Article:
Mon, Feb 23, 2004 - Page 11 News List

AmCham gettig down to business

The American Chamber of Commerce in Taipei has been representing the interests of Americans doing business here for the past 51 years. Last year saw membership numbers drop from over 1,000 to around 800. `Taipei Times' staff reporter Bill Heaney sat down with new president Andrea Wu to discuss the plans she has made to inject new vigor into the organization since her election in December


PHOTO: SEAN CHAO

Taipei Times: Apart from the protection of intellectual property rights (IPR), what are the major issues facing American businesses working in Taiwan at present and have you seen any movement on these issues recently? If not, are you optimistic about the chances for real change this year?

Andrea Wu (吳王小珍): In 2003, our White Paper addressed all of our concerns here including pharmaceuticals and medical devices -- there is also an IPR issue there -- also financial reform, government procurement, human resources regulation and also "black gold" [corruption]. For financial reform, we saw good improvements in that area. Non-performing loans have been brought down essentially and also the preparation for reforming bankruptcies and the company reorganization law is [ongoing]. There have also been major corruption cases and action taken against corporate black gold, so we do see a lot of movement in this area.

Another area is the qualified foreign institutional investor (QFII) regulation that has been dismantled. That regulation really discriminated against foreigners by requiring a lot of onerous paperwork and it also limited the investment funds that could invest in this market, so taking away these restrictions is really helping foreign investment in this market.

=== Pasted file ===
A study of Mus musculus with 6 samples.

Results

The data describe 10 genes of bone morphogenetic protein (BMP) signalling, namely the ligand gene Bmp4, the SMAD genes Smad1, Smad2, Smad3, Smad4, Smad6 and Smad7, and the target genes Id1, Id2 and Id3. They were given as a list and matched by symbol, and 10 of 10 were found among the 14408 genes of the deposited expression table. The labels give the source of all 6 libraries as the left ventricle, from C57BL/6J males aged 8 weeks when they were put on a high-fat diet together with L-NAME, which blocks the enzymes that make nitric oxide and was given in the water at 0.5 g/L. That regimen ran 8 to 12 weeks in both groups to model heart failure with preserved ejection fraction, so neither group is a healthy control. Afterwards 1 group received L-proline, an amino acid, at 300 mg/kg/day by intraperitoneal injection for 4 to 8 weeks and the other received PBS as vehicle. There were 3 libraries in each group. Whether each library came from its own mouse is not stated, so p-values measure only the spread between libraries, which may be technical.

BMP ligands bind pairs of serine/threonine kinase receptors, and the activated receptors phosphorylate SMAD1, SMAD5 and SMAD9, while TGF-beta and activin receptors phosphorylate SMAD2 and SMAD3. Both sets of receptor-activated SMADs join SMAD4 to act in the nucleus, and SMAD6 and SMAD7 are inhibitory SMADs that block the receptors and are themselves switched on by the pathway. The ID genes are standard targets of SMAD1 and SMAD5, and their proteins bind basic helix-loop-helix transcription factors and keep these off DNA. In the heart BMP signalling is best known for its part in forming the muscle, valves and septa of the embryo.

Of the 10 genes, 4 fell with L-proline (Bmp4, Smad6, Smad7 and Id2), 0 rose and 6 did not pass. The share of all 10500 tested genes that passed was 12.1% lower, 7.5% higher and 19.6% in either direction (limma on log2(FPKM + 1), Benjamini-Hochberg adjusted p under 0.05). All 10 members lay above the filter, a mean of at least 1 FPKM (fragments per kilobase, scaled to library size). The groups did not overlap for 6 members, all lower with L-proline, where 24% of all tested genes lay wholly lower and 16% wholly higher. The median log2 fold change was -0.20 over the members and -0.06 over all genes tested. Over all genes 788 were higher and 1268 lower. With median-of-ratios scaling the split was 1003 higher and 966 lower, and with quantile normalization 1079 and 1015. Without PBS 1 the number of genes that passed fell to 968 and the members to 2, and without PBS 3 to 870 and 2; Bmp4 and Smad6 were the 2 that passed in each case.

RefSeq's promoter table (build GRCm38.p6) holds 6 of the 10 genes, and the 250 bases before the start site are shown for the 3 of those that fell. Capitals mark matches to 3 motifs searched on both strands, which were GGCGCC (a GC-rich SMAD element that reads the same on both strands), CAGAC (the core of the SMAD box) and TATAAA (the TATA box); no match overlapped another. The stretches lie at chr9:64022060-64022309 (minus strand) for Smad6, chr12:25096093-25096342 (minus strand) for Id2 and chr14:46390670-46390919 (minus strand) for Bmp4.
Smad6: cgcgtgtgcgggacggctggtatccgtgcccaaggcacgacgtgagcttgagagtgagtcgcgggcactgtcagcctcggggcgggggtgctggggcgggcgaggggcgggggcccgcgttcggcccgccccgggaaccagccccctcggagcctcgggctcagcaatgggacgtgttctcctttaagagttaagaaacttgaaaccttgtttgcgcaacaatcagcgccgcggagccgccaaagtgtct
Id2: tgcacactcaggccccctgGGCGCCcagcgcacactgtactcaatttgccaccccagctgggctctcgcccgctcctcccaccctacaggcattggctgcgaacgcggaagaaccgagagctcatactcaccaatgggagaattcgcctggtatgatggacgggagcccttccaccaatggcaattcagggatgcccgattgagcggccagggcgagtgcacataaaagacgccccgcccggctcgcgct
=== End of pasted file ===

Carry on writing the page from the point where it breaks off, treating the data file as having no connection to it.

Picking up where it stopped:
And as regards human resources, such as the policy of issuing work permits, the government just revised its requirement for two years' working experience. Now it's been wavered for holders of master's degrees. It used to be only PhDs who did not have to show two years work experience [to get a work visa].

That's a great improvement. However, we see that as missing the point. If you want to attract the best and most qualified talent to work in this market, you have to accept a greater free-flow [of human resources], and accept foreign talent working here. Protecting this labor market is not actually generating more job opportunities for people in this country.

Another area is government procurement because in that area the prevailing terms and conditions of contracts are still written in such a way that international companies find they have too high a level of a liability, which is unacceptable.

We understand that Taiwan at the moment is not part of the Government Procurement Agreement (GPA), but we strongly suggest that Taiwan should just abide by the same regulations and get ready so that when it becomes a full member, we don't have to change any process or any format -- things can just move along. The result of not playing by the same game rules is that a lot of qualified international construction companies building infrastructure for other countries in the region have no interest in participating in any projects in Taiwan and the citizens of Taiwan, actually, in the end cannot enjoy the same quality of infrastructure build-up that they deserve.

TT: Do you think that the unwillingness of the authorities to sign the GPA is motivated too much by political concerns?

Wu: I think their concerns are more trading concerns. They're protectionist, which we understand. We can accept different regulations, but you have to have fair competition. You can monitor performance and quality by different systems, but you cannot set up hurdles to stop people coming in at all.

TT: I believe that as a result of these hurdles you do not really have any large-scale construction companies in Amcham any more. Can you comment on that?